It's eye-popping that Finance Committee chairman Chan Kin-por is moving to issue so-called "chairman's directives" to mandate changes to committee rules - without putting them to a vote by his peers.
That's the crude political reality the pan-democrats should have known, the moment they embarked on the chariot of filibustering to paralyze the Legislative Council and Finance Committee from carrying out their normal functions.
Filibustering has become so extreme in recent years that it has already lost its original political meaning.
The pan-democrats may cry foul, but it would be an exercise in futility, as the committee rules will be changed anyway - either by Chan unilaterally, or even if he changes his mind, by a vote in which the pro-Beijing side enjoys an absolute majority.
The chickens have come home to roost.
The pro-democracy camp is free to criticize Chan for going unilateral, but I can't blame him for showing the resolve to end filibustering at the all- important committee responsible for scrutinizing government spending.
The pan-dems ought to know that since filibustering became the new normal of parliamentary life, many projects that should have been launched remain stalled on the pending list. In the last legislative year, only 29 government funding applications - one third of that in 2015/16 - were passed. In dollar terms, it amounted to a shortfall of a staggering HK$50 billion.
The public isn't thrilled about the situation.
What Chan seeks to do is ban opposition lawmakers from returning to the chamber for the rest of the day if they're booted out of the meeting for improper behavior - ending the current practice that allows the ousted individuals to return to the next session on the same day. The committee chairman also wants to limit the time a lawmaker may speak, from three minutes down to one minute.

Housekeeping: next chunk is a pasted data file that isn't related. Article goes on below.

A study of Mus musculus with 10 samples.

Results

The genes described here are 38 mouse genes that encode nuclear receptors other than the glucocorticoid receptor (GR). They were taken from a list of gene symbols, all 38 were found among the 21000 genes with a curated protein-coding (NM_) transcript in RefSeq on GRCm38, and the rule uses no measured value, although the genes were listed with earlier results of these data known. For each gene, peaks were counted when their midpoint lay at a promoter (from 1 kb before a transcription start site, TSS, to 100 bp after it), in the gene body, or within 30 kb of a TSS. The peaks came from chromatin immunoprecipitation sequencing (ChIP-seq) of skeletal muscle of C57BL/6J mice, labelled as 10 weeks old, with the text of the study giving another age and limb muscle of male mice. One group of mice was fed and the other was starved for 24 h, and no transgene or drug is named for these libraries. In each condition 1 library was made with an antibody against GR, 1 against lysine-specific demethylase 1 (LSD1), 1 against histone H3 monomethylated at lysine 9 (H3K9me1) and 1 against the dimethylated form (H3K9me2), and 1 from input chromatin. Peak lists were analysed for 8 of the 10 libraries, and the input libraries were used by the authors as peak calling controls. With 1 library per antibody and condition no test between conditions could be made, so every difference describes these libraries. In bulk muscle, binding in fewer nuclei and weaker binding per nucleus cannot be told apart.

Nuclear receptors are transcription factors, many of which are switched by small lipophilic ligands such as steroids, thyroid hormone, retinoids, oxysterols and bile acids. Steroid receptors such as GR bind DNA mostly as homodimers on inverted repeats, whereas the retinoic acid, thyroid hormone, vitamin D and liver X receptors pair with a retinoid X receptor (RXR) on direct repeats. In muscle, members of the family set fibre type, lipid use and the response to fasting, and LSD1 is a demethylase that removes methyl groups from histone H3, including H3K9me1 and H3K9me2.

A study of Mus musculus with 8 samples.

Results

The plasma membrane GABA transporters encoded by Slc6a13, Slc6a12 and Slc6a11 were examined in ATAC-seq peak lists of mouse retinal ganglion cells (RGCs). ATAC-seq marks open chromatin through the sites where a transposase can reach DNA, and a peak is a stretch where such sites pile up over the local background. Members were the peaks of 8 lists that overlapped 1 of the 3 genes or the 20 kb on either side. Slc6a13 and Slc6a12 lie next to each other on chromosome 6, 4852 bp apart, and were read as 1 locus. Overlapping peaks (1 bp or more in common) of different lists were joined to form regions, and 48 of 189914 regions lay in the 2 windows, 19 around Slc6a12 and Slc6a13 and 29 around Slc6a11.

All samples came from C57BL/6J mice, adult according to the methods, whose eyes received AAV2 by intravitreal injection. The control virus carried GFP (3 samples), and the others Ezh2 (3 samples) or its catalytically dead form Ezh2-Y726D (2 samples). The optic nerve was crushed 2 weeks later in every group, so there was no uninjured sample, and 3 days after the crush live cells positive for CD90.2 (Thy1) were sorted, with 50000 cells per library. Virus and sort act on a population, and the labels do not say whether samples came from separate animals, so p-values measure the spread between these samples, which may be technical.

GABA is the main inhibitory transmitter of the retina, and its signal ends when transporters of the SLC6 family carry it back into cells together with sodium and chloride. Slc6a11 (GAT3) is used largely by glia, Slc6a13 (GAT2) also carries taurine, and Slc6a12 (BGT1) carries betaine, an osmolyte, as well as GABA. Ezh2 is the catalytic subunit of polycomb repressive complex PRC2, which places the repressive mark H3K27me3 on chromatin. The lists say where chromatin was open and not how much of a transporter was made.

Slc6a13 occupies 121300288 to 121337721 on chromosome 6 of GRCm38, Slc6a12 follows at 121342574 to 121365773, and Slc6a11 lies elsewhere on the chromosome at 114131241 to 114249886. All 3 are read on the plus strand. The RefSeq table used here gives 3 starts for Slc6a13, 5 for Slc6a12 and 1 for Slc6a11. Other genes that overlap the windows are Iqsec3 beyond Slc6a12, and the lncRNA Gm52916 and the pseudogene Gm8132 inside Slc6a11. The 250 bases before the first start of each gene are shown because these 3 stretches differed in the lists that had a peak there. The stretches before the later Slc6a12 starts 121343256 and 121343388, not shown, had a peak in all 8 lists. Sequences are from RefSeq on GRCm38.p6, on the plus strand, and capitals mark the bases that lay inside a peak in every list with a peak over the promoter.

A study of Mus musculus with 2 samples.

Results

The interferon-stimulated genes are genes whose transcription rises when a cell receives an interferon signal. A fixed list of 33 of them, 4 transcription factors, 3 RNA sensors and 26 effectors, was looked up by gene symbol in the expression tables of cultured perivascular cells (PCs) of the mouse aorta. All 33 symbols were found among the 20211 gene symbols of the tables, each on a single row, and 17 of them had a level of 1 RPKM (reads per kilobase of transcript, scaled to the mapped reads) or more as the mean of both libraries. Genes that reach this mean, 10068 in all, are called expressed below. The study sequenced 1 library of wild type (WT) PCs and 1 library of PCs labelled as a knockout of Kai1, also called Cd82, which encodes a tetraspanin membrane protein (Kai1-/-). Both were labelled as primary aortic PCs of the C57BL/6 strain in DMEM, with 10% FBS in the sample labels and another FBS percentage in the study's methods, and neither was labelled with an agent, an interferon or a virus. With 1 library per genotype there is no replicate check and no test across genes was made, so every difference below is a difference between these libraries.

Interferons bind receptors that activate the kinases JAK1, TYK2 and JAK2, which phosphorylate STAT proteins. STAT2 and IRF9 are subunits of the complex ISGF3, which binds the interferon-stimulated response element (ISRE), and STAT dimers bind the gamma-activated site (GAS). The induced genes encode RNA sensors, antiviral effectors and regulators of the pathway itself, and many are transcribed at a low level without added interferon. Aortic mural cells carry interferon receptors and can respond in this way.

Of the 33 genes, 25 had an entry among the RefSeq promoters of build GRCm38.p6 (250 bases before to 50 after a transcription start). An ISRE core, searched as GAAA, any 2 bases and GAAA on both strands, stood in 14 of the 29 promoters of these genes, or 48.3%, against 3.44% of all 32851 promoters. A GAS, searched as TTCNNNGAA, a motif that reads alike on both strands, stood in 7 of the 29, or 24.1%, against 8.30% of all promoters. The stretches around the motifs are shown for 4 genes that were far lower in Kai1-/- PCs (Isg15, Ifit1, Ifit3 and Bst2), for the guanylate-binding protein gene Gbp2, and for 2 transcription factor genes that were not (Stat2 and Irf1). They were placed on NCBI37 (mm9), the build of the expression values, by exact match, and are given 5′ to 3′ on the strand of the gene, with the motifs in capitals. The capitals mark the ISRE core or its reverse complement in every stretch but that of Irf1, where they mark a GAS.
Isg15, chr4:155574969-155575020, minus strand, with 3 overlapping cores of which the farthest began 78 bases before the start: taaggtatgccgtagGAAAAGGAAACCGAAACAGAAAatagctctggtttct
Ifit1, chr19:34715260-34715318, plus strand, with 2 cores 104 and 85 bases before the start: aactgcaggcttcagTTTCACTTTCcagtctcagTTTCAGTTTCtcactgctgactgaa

Filibustering had happened before, but became extreme of late. In view of the damage done to people's livelihood, it's necessary to strengthen the efficacy of parliamentary deliberations. This is the community consensus.
However, it would be imprudent to stop making efforts for reconciliation on a broad basis. While the pro- democracy camp may hold fewer seats in the legislature, they've consistently won more votes than the pro- establishment side in Legco elections since 1997. It's the larger number of people that reconciliation appeals to.
Chan is indisputably correct in observing the opposition never acts the way his pro-establishment side does and they - the opposition - will attack again once they're back in full force after the by-elections.
As a matter of truth, wouldn't it be the same if the shoe was on the other foot? But it would be absolutely misleading for Chan to liken reconciliation, or even grand reconciliation, in Chief Executive Carrie Lam Cheng Yuet- ngor's own words, to a poison pill with sugar coating.
The disqualification of six pro- democracy lawmakers for their improper oath-taking has created a window for their pro-establishment rivals to overhaul house rules to preempt future filibustering.
I'm certain that after the Finance Committee, the pro-establishment will pounce on the next opportunity to tighten the rules for Legco.
However, as they do so, steps must be taken to keep the peace-making process on track.